Posted by Tim Stobbs on February 24, 2010
Alright in the interest of time I’m going to make a simplifying assumption here. I’m going to assume that I don’t have much of a problem pulling money out of taxable and tax sheltered accounts once I semi-retire (ie: I can pull enough from my non-locked in/taxable accounts to hold off until I can need to pull money out of my locked accounts). So that way I can just pile all the money into one number as I sort out how much will I have at 39. Please note that all my calculations are in present dollars, so all investment returns have been reduced by 1.5% to adjust for inflation. I’m aware that official inflation is higher than that over a longer time frame, but my personal inflation rate is usually less than that.
Another thing I’m going to do is adjust my start time slightly forward to this summer. Why? Because the final mortgage payment will occur about the middle of summer. So it makes everything then occur on a nice neat yearly basis. So as of Jan 1, 2010 I had about $100,000 in investments/savings. Adjusting for my pension contributions and RRSP contributions till July 1, I will add in $5000. Then to simulate growth on that I’ll add another $2500. So my starting value of investments is $107, 500.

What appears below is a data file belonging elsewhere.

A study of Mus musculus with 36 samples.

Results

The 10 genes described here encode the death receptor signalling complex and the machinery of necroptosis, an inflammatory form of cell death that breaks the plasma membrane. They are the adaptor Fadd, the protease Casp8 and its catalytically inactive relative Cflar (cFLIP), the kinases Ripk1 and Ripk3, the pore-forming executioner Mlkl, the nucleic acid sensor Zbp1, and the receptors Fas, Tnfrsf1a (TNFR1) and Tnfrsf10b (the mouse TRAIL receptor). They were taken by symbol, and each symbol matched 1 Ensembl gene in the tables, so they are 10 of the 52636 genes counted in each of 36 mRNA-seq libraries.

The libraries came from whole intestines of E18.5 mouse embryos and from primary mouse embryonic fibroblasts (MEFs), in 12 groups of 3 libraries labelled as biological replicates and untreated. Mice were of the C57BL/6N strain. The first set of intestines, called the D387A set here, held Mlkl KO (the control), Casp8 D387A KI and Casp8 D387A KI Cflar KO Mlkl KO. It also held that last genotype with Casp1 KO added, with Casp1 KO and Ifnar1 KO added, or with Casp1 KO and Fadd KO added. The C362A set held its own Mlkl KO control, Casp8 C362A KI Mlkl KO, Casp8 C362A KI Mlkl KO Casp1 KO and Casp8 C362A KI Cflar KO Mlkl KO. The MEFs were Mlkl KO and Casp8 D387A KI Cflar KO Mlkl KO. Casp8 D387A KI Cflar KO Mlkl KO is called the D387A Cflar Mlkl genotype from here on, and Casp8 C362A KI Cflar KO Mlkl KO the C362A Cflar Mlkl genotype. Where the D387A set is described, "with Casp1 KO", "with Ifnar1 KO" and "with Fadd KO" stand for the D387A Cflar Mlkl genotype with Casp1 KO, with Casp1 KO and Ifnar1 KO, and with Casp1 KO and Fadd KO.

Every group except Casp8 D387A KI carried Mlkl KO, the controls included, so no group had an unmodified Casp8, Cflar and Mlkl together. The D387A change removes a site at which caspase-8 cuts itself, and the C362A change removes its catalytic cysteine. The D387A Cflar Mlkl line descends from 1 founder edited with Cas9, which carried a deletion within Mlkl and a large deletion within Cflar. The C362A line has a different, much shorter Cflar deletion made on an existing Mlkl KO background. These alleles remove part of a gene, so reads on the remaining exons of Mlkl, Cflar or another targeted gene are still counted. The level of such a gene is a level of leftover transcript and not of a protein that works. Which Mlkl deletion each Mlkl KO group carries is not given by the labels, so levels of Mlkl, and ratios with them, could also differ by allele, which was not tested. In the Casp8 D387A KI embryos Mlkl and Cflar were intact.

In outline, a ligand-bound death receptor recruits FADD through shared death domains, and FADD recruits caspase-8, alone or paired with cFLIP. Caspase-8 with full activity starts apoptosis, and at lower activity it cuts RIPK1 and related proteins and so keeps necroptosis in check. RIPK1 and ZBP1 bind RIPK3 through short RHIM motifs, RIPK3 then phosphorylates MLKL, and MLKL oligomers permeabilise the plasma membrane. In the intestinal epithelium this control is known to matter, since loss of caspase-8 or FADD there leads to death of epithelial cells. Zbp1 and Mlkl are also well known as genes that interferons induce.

I will grow that forward at 5% for two years at $1250/month in contributions, which puts me at around $150,000. I went with 5% since I’m not changing my investments during this time. At which point the mortgage is paid off. So now rolling all that money over that I used to put on the mortgage means I can save in total $3965/month. This doesn’t include my school board income. Yet my school board term doesn’t expire until late that fall, so with that in mind I’ll just adjust my starting point up by $6000.
So growing $156,000 at 4% for five years at $3965/month I end up with $453,000. I reduced this to 4% to cover off a significant shift over to fixed income in the portfolio that will occur during this time. Now that value of $453,000 is actually highly significant. Since I’m only taking out $18,000/year in this scenario, that would mean I can take that every year from my stash of money and never drawn down the principle as long as my returns stay at 4% + my personal inflation adjustment. Nice eh?
Tomorrow I’ll try to wrap this scenario up as I link up the semi-retirement phase to full blown retirement when I turn 60. Please let me know if you have any questions. I’ll try to include answers in the post tomorrow or the comments on this one.